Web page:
TORONTO—The Great Lakes region, made up of eight U.S. states and two Canadian provinces would be the world’s third-largest economy if it were a country – and much of it runs on nuclear power. Nuclear generates 30 per cert of the region’s electricity, as well as nearly 50 per cent of its emissions-free power.
As climate change and emission regulations continue to play an increasing role in policy, and jurisdictions fight to grow their economies, nuclear will continue to play an important role, a new report finds.
The report is a collaborative effort from Bruce Power, the Council of the Great Lakes Region and the Provincial Building & Construction Trades Council of Ontario.
Though nuclear has played a significant part of energy policy in the region for years, the focus on renewables such as wind and solar, have somewhat shrouded the energy source’s importance.
The report notes emissions-free nuclear power avoids emissions of 250 million tonnes of carbon dioxide per year, the equivalent of removing over 52 million passenger cars from the road. Nuclear’s economic importance to the region is also difficult to overstate. The 55 nuclear reactors in the Great Lakes directly and indirectly employ more than 80,000 highly-skilled workers annually through operations, manufacturing, support and contract work. Ontario’s current program to refurbish its aging reactors is a good example of ongoing employment.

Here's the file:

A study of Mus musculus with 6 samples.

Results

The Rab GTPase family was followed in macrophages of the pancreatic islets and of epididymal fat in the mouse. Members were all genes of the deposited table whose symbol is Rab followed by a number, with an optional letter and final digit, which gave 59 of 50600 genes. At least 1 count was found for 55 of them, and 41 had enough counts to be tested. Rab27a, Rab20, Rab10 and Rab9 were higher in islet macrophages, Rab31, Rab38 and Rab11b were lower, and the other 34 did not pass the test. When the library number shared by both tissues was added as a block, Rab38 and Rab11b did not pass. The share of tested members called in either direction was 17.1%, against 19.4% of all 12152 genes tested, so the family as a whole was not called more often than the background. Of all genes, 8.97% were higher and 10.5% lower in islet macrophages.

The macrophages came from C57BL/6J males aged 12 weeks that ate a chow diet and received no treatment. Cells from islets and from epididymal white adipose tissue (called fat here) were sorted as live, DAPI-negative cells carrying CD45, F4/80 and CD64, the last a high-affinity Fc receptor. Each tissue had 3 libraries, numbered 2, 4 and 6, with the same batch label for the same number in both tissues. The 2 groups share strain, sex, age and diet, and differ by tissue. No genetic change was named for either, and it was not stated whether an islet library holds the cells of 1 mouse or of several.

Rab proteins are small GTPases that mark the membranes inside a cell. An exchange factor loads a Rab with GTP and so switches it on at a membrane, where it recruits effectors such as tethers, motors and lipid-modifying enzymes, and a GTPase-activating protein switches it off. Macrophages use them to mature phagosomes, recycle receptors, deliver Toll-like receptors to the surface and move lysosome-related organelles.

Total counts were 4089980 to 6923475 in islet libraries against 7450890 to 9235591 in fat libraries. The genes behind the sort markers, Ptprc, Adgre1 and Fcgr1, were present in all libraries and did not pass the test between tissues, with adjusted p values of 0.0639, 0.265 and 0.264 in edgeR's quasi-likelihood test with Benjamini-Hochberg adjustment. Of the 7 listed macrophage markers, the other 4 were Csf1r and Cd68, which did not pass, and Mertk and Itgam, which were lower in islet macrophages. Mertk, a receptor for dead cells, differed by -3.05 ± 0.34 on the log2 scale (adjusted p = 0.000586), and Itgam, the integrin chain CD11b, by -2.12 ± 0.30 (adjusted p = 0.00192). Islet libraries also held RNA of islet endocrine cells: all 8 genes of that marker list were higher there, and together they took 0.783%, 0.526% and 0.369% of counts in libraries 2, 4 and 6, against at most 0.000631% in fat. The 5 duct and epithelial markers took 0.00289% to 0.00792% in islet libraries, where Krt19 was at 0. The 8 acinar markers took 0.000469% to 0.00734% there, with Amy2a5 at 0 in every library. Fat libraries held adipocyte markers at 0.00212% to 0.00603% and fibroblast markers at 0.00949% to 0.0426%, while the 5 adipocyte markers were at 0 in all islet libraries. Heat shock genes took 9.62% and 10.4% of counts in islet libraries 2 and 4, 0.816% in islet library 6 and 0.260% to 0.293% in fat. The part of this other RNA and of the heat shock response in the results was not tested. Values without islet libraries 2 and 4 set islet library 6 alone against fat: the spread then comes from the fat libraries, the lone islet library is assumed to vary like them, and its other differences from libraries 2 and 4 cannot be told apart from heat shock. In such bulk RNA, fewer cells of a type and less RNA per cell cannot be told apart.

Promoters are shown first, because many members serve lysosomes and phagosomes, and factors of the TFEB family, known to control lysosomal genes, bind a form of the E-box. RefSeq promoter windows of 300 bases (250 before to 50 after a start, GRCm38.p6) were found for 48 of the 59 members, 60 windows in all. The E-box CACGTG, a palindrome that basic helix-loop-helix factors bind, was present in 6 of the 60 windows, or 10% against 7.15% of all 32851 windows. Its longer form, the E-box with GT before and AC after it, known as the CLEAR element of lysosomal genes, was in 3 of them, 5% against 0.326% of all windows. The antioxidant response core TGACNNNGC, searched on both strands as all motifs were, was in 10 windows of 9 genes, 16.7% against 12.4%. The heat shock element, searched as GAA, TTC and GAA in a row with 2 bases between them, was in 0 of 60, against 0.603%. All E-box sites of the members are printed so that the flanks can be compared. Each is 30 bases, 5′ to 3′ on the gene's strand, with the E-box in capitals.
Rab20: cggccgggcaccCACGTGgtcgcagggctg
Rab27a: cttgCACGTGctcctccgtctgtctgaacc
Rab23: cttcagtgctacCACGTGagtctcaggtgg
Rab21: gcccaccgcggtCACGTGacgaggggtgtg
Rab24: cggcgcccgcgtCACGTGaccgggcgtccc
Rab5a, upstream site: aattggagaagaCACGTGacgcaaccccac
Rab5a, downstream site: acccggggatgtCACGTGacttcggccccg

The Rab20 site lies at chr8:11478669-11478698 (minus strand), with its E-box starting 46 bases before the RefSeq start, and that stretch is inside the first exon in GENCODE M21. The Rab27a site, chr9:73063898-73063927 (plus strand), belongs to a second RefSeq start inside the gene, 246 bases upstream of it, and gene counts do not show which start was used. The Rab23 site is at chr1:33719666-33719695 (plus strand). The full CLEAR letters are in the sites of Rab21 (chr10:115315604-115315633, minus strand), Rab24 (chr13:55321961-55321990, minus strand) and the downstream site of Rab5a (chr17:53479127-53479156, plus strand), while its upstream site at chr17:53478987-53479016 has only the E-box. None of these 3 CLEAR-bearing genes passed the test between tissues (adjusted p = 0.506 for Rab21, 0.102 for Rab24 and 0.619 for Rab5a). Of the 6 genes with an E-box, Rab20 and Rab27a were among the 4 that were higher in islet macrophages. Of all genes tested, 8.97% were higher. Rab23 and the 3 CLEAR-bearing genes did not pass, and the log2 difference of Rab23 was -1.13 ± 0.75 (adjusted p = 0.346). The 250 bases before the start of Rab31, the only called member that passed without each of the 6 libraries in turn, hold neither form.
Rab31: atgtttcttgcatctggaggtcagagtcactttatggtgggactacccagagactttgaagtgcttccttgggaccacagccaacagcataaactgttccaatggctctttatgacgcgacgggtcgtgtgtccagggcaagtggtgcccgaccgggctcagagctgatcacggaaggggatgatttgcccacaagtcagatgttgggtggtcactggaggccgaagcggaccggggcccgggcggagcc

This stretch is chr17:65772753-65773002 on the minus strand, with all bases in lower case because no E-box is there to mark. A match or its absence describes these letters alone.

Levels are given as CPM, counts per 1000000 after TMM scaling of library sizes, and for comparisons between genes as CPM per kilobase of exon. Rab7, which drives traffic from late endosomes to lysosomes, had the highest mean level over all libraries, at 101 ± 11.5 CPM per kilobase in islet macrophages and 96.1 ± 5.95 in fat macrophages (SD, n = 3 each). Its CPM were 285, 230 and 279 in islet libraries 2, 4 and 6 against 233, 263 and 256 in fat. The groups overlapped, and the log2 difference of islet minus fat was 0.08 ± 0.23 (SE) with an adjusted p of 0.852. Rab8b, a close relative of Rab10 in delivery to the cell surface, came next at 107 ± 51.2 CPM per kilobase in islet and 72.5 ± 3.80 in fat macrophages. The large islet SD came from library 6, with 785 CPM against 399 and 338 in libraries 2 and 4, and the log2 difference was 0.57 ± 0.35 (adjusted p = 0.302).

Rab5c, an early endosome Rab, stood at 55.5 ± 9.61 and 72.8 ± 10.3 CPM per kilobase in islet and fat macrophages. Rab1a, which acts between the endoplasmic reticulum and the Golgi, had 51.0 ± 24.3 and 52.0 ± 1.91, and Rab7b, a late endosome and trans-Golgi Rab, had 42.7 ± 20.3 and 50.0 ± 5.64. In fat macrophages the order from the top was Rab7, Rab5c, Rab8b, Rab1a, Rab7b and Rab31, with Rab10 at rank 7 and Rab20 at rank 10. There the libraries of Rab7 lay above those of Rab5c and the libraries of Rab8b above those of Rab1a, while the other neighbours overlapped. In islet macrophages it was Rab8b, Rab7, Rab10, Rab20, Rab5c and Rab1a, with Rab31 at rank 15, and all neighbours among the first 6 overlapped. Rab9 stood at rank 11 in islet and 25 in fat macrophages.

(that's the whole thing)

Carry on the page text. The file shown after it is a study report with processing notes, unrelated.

Overall, the report found the region’s nuclear plants inject an estimated $10 to $12 billion a year into the Great Lakes economies through direct and indirect spending in operational equipment, supplies, materials and labour income.
“Over 90 per cent of this spending is done within each facility’s own region, creating a positive impact on local and state/provincial economies,” the report says.
Though new cleantech solutions are garnering much of the attention in the fight against emissions and climate change, nuclear’s place in the energy mix will continue to be significant.